When a friend falls on hard times, it can push their loved ones to walk on egg shells for awhile. A subtle, but palpable sense of guilt underpins any positivity felt by those friends and family.
A recent post to the “Am I the A**hole (AITA)” subReddit demonstrated that dynamic in action.
The Original Poster (OP), known as Malibu921 on the site, shared the thrust of the conflict right in the post’s title.
“AITA for ‘bragging’ about how good my relationship was going?”
OP began by setting the stage.
“My [38-year-old] friend is in a deep relationship rut. They don’t really spend a lot of time together and physical affection is basically off the table.”
“I get WALLS of text from her complaining about it.”
Fortunately, not everyone is in the same, tough place.
“I am in a relationship that’s still fairly new (only 3 months in), but going super well, and this is huge for me because I’m super picky and I’ll bail within the first few weeks if there’s no vibe.”
“This is literally the first guy that I’ve actually called my boyfriend since high school. All I want is some time to sit there and just gush about it with my friends.”
OP opted to talk to her friend as a, well, friend.
“But when I did this with her this weekend, because boyfriend did something so stupidly adorable… I was met with ‘Okay, you don’t have to brag about it, that’s kind of a di*k move.’ “
“I said I’m not bragging, I’m just sharing something cute.”
But now OP’s been left turning it all over in her mind.
“Logically… I know this is just her sort of lashing out because of their rut… But now I’m like… I told other friends, maybe I didn’t need to tell her, knowing she’s going through something?”
Anonymous strangers weighed in by declaring:
- NTA – Not The A**hole
- YTA – You’re The A**hole
- ESH – Everyone Sucks Here
- NAH – No A**holes Here
Once the responses began to flood in, OP realized she needed to include one pertinent piece of information.
“Edit: It was asked, so I want to clarify, no, I didn’t tell her about this right after her venting. It was a brand new day, start of a new convo.”
With all that in mind, a hefty majority of Redditors confirmed that OP was not the a**hole in this situation. People worded that assurance in various ways, however.
Many kept their feedback simple and straightforward.
“NTA So as long your love life is worst than hers, you are allowed to speak about it… she is a shi**y friend. You are happy, you don t have to apologize for this. Friendship ain’t competition.” — Daffodilzilla
“NTA If she’s allowed to complain about her relationship, you should have the opportunity to celebrate yours, especially if you’ve listened to your friends for years and now want the opportunity because you are in a happy relationship!” — Spotzie27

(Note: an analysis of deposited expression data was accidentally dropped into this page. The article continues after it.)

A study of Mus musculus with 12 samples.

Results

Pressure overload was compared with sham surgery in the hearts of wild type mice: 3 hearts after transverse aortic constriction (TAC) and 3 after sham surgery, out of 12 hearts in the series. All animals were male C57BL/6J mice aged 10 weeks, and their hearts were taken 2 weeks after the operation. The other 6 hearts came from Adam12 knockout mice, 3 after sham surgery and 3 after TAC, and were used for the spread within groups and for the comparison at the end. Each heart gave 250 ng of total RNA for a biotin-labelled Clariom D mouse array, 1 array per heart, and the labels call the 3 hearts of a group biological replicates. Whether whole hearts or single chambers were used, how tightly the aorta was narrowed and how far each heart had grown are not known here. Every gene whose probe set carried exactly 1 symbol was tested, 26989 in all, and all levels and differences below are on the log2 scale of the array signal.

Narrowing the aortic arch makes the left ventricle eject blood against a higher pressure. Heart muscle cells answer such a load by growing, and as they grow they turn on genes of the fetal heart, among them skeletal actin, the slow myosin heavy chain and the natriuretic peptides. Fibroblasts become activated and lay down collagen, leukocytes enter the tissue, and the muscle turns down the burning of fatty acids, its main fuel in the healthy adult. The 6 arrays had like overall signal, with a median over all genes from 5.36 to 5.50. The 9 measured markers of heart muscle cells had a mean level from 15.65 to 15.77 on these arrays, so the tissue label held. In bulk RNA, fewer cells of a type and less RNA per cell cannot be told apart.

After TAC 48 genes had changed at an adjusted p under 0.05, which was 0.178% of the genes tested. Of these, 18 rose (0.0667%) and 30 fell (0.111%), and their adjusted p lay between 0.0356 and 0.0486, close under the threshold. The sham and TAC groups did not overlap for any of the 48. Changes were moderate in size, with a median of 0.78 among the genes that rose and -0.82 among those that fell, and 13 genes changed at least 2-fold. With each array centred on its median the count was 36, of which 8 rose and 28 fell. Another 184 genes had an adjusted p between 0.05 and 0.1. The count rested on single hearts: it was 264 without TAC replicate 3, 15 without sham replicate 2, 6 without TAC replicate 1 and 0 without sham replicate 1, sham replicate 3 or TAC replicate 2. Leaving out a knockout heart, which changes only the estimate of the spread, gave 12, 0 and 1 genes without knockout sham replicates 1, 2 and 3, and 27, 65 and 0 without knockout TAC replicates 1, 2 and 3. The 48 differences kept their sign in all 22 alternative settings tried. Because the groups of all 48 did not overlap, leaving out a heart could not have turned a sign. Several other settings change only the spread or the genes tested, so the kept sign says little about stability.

“NTA. Unless you wrote that immediately after her complaining about her relationship, I think it’s pretty normal to share nice episodes with your friends.”
“I can understand she’s not in her best period of time, but if she can’t be happy for you, I’m wondering what kind of friend she is….” — mau2891
“NTA. She sounds like a friend who wants you to be miserable with her.” — awkward-velociraptor
“NTA A real friend shares lows and highs. A real friend is happy for you. She wants you to join her in her rut until she gets out of it.” — CinderDroplet
One person even took the incident as a red flag.
“Well that’s not fair is it? I guess your just supposed to let her dump her crap on you, however you keep your happiness to yourself and be miserable with her. I won’t tell you she’s a bad friend and you need to get rid of her.”
“But I would gently let her know how you feel. And if she can’t be bothered to be happy for you in this great time in your life, there is no reason for you to sit and be miserable with her.”
“I had a friend that was ALWAYS calling about her problems. My mom said once, distance yourself from her, she is bad luck and it WILL rub off. I thought she was insane for saying this. Let’s just say I got out of that friendship in the nick of time.”
“Just something to think about. Definitely NTA” — Whoopty-E
Others, while they did fully support OP, offered some suggestions for the future.
“NTA but always good to assess what you say according to what people are going through” — ducksthefu**s
“NTA: but you should really know you audience. Don’t tell jobless people how great your job is. Don’t tell people on a diet how good your lunch is. And yes don’t tell a person in an unhappy relationship how great yours is” — OneMikeNation
“NTA – good friends share the good and bad in their lives. That said – there is a time and a place so if you shared this right following her telling you something negative about her relationship, that might change my judgement” — patioliving
“NTA but maybe don’t do that with this particular friend? My husband and I have a really, genuinely great and healthy relationship. A lot of my friends aren’t as lucky and I know they compare and can often feel bad – I’ve adjusted so I rarely talk about my relationship with them unless they ask or I have a reason/need to.”
“I talk about my husband normally, but unless asked directly I won’t randomly mention the cute things he does or the way we handled money or conflict or parenting, etc. I do have friends who are in similarly great relationships where we’ll text each other to share a cute thing our husbands did, but only people I know it won’t make them feel bad to hear.” — grequant_ohno
Fortunately, thanks to plenty of internet support, OP can feel permission to be proud and excited about her healthy romantic life.
But only she knows if she plans to make any changes while chatting with her struggling friend.